There’s a lot of talk these days about the gap between available jobs and the skill sets of people looking for work. It’s an issue many of us have experienced, whether manager or job seeker.
But the problem is even greater for farmers, ranchers and food processors. Finding laborers to tackle their often back-breaking—and increasingly tech-heavy—work is a challenge across an agriculture and food industry that knows no geographic barriers.
The issues are the same from Florida citrus groves to California strawberry fields and the countless dairy operations and food processing facilities in between.
U.S.-born workers often refuse jobs on farms, ranches and in food processing plants, forcing those employers to hire foreign workers. Add to this issue growing consumer concerns about “fair food” across the supply chain, and the food system finds itself in uncomfortable territory.
As autumn begins, the fresh produce and dairy segments of agriculture—as well as processors and big grocery retailers like Walmart and Whole Foods—have weathered a summer of discontent.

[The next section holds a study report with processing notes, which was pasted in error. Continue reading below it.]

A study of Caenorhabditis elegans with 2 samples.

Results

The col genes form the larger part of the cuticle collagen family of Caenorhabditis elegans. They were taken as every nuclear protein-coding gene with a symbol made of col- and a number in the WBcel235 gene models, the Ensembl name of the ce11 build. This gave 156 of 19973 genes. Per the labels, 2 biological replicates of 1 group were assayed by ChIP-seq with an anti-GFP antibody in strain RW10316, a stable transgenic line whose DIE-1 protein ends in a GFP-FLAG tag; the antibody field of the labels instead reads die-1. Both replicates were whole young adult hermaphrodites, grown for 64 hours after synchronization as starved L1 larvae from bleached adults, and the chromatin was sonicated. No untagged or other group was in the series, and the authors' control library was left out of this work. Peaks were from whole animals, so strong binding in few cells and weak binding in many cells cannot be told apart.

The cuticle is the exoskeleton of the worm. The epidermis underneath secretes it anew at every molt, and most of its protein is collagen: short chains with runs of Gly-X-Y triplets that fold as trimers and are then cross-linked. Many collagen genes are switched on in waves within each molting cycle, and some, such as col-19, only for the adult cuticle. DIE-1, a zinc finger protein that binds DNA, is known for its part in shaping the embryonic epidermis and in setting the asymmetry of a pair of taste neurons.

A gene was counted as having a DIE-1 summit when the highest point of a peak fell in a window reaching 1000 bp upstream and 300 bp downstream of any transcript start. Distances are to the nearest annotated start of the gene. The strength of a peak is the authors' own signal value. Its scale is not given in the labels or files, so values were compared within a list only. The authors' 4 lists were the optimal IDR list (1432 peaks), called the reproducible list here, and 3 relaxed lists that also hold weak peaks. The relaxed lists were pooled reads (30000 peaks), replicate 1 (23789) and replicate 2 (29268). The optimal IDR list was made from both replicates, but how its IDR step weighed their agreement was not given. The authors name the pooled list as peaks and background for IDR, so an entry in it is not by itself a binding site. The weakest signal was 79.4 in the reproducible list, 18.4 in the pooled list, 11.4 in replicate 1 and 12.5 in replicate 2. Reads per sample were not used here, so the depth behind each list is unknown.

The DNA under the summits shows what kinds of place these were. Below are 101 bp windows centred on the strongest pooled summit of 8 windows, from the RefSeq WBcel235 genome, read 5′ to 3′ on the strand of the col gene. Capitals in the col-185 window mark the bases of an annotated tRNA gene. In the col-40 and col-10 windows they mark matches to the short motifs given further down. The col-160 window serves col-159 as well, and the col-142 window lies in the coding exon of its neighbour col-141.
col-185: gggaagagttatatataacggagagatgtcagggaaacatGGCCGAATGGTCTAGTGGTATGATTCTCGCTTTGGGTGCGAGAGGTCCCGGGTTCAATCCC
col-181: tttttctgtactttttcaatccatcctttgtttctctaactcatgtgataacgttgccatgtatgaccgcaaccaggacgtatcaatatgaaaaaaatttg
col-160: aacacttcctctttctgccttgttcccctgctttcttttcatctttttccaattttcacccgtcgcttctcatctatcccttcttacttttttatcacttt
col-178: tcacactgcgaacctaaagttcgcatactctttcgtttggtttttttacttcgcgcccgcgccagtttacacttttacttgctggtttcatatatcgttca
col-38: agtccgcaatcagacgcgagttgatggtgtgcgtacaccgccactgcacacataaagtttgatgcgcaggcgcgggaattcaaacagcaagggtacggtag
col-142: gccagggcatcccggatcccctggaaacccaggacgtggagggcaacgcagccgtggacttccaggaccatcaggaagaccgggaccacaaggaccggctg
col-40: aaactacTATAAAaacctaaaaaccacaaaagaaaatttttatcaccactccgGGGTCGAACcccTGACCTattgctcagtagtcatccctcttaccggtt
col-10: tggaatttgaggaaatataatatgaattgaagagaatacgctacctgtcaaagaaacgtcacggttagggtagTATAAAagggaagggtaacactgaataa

Organizations focused on workers’ rights won concessions about working conditions and wages from buyers of Florida tomatoes, and the Coalition of Immokalee Workers committed to take its Fair Food program to other states and other types of produce.
In June, ice cream maker Ben & Jerry’s agreed to demands from Migrant Justice to require its milk and cream suppliers to meet a code of conduct for treatment of Vermont dairy workers.
Clearly, the “fair food” movement is gaining traction. Long an issue for religious organizations, labor unions and NGOs, consumers today are asking hard questions about how agriculture and food production workers are treated as part of their desire to know every aspect of how their food is produced.